As we gear up to return to Falfurrias, I can’t help reflecting on the past year. Our first trip didn’t end with our return to Indianapolis, it was just getting started. If you had asked any of us at this time last year, before we traveled south, if we truly knew what we were getting into, we of course would have answered “Yes!” But the truth is we didn’t have a clue. The magnitude of the project floored all of us. Even with Baylor University and Texas State University also working towards identification of the exhumed individuals, there were far more unidentified than what we anticipated. So, after last year’s trip, we received thirteen individuals from the 2013 exhumations at the UIndy Archeology and Forensics Laboratory (AFL). The AFL is a dedicated working and educational lab for the analysis of skeletonized remains. Dr. Latham organized a formal class that would train us in every aspect of the process, which for many of us was an opportunity to put all of our previous training to use from start to finish.
In the AFL, we train on forensic cases when they are received, and we share the process with all graduate students. For the thirteen individuals from Texas, we had no idea what we were going to receive. With five advanced graduate students and Dr. Latham overseeing each case, we were each assigned two or three individuals to focus on.
After cleaning, we each went to work on establishing a biological profile which would hopefully provide an indication of age, sex, ancestry, and stature. These factors can help to initially narrow down a search by eliminating the people who don’t fit the specific combination of traits. We also looked for any other factors that could help in the identification process.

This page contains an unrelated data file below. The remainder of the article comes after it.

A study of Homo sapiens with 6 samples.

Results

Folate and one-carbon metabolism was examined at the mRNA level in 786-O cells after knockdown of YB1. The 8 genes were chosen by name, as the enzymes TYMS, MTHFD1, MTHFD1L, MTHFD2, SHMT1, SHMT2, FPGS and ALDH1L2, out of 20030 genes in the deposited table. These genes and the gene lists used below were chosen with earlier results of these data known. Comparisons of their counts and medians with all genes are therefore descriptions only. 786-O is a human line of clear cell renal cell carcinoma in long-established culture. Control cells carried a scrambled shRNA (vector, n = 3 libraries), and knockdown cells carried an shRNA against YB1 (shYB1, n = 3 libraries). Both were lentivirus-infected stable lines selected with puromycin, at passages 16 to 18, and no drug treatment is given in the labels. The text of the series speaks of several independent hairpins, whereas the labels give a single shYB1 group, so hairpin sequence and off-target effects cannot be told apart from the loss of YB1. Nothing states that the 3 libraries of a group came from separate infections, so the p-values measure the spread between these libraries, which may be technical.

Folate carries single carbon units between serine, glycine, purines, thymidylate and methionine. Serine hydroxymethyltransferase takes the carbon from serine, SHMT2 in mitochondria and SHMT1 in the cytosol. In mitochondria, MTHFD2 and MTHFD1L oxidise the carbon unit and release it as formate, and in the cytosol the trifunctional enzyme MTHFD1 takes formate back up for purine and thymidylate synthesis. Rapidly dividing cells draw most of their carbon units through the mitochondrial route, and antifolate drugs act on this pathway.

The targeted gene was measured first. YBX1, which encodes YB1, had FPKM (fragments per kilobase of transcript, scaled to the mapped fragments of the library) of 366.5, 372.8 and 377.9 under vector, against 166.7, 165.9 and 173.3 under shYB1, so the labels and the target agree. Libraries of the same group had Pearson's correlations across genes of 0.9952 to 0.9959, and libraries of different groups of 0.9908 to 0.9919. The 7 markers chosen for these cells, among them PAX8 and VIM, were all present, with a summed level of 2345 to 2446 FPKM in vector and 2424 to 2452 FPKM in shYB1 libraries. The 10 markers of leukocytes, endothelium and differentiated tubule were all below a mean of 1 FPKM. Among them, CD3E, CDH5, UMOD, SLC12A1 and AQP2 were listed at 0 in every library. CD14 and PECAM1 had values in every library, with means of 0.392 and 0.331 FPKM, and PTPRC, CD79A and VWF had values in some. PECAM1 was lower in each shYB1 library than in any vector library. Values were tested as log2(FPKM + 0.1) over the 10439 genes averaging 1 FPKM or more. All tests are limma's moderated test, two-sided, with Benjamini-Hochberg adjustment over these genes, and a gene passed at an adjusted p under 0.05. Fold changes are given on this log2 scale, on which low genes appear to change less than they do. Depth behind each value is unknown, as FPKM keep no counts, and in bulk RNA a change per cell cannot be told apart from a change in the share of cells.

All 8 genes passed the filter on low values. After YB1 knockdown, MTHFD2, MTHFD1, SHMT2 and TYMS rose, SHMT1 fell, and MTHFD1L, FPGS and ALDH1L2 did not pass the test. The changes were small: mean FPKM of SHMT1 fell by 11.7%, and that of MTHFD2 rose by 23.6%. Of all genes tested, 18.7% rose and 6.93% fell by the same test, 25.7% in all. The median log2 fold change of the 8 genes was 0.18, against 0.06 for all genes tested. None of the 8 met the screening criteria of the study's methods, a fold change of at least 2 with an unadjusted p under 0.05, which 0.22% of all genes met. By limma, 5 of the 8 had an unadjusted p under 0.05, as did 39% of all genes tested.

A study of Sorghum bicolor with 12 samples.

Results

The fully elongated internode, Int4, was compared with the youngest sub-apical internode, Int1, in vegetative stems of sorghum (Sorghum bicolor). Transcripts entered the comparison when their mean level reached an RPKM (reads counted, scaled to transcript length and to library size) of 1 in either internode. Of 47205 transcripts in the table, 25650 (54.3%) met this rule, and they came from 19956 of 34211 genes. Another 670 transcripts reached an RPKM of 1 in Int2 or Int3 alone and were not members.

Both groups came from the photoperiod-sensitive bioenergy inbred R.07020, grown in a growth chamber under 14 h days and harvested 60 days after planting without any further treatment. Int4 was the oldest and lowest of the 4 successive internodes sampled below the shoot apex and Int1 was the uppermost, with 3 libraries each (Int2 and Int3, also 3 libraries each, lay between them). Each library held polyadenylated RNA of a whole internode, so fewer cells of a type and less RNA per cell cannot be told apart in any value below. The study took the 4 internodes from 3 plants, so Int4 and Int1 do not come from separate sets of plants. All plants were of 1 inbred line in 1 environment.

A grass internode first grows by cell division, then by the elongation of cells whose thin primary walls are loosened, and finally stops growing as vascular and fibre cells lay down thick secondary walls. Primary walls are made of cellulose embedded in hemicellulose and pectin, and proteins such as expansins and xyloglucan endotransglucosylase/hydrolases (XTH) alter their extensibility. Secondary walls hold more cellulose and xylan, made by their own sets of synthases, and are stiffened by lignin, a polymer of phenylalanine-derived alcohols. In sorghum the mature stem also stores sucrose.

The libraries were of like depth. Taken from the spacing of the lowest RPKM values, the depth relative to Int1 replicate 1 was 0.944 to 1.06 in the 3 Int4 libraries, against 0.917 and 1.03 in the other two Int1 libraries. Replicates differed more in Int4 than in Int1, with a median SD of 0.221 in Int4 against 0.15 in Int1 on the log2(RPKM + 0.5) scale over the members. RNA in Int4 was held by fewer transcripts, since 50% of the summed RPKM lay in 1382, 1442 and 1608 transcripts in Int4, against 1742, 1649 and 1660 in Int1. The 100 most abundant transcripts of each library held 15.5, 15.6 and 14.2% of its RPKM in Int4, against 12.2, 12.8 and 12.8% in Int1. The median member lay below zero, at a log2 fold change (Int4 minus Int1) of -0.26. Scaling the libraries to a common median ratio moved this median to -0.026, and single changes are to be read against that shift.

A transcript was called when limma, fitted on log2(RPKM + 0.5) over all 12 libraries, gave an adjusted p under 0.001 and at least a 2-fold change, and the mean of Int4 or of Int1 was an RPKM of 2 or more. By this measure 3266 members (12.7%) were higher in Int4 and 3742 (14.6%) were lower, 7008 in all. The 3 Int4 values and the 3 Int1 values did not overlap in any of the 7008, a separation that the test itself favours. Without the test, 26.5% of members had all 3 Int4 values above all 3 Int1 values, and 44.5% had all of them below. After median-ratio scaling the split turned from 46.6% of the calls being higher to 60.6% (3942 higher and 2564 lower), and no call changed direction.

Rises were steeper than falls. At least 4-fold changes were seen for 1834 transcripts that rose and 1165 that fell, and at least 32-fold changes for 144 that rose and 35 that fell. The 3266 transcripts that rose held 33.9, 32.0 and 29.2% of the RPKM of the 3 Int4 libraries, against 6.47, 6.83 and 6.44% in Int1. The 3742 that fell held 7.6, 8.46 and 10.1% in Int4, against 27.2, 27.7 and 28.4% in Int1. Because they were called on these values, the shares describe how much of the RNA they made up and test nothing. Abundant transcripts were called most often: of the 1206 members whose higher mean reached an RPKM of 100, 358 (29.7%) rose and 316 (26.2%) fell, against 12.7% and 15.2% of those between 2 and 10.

This was also the first time for many of us to take case photographs, which turned out to be more challenging than we expected. We even participated in a special two part photography workshop to train us on lab photography. The pictures had to be clear and capture every unique feature that might potentially aid identification. With so little to work with, every detail matters.
After the full analysis was completed and reviewed by Dr. Latham , we compiled a report for each individual. This report served as our “final exam” for the class, and it also would serve as a template for Dr. Latham’s official reports that would be submitted for each case.
Recently, we also scored stress indicators that could help us to understand a bit more about the health history of each individual. We also cut samples for DNA and stable isotope analysis that will be sent to the University of North Texas and Chico State University, respectively.
Through all these collaborative efforts, plus a few more I haven’t mentioned yet, hopefully we are a step closer to the identification of the exhumed individuals, and a step closer to returning them to their families and loved ones. We are grateful that we have the skills, resources, and support to move progressively towards this goal.